10x12 oil on panel
I frequently post work in progress on my Facebook page, but haven't done so here in awhile. I am working on paintings for my "First Impressions" show which will be at Tidewater Gallery opening June 15th.
I still work with my kitchen timer as a way to get that initial impression sketched down as quickly as possible. Once I have the big shapes massed in, I can work as long as I like modifying those shapes and working them into smaller divisions. I like the looseness and variety of brushwork that I get during the quick block in phase, its all about the energy and excitement of inspiration. I get my idea down before any external distractions can pull me away and before I analyze and question the idea to death.
I don't spend a lot of time after the timer goes off. For small works, I often stop there and love the results. But with larger works, I will go into the focal area and make more sense of things and get some nice hard or soft edges and modify colors and shapes. You can see the difference in the figure above... when the timer went off, I had the big shapes there, but spent some time bringing that figure out of the dark. In the background, I only added a few suggestions of the door, the door frame and the lamp - the rest was left alone after the first mad rush.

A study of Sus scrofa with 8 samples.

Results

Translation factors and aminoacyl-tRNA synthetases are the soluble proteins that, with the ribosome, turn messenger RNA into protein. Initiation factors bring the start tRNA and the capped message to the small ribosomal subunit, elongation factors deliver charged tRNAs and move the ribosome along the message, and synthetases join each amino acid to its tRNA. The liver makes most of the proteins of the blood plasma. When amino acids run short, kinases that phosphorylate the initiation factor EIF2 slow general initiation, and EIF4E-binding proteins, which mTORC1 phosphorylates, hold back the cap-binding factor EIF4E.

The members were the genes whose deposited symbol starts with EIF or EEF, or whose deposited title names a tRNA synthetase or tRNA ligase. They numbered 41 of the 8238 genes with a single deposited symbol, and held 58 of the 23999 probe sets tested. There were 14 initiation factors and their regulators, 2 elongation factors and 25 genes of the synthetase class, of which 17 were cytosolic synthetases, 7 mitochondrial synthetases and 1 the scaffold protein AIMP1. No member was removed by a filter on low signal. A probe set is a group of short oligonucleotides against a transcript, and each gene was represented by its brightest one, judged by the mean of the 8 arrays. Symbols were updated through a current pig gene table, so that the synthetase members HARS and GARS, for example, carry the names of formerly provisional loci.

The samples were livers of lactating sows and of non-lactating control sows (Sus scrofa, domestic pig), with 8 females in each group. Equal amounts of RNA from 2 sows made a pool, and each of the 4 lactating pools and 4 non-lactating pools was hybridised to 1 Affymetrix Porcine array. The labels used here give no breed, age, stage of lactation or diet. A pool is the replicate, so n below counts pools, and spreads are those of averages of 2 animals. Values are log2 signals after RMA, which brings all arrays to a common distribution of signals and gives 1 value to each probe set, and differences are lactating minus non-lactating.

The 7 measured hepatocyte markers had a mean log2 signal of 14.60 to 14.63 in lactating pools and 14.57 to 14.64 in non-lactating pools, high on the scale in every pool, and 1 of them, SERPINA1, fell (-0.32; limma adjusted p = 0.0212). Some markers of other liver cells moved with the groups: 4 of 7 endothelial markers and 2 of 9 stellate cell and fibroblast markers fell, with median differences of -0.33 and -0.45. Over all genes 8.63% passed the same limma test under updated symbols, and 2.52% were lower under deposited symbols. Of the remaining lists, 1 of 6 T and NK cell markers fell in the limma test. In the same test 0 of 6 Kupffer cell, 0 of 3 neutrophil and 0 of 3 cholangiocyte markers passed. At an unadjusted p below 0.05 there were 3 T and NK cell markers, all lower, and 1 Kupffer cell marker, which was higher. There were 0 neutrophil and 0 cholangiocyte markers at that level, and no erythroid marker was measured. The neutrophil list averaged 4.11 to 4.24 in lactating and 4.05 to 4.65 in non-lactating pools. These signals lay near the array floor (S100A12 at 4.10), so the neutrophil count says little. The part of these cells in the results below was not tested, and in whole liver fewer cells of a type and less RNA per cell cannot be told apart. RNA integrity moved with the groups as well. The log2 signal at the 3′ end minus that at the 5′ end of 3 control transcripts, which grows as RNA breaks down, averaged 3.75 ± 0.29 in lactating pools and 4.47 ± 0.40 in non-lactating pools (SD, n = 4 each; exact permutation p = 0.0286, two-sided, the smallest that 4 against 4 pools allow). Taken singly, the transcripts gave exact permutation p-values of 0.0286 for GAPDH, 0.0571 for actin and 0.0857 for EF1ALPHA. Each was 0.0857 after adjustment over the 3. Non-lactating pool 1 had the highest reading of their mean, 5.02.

I'm not sure I explain this well... but it works so well for me. I find if I don't stop and paint what first inspires me, and if I spend too long composing, drawing, analyzing, etc. then I lose the "vision." The only preparation I make is to draw an X across the board and use a viewfinder with 2 strings likewise, or draw those lines across my photo reference to give me a way to measure quickly. I recently got the MVP viewfinder (scroll down on her page) from the fabulous Peggi Kroll Roberts and its pretty neat - but a whole gird is more time consuming. Maybe a few dots could mark those lines... will give that a try perhaps tomorrow.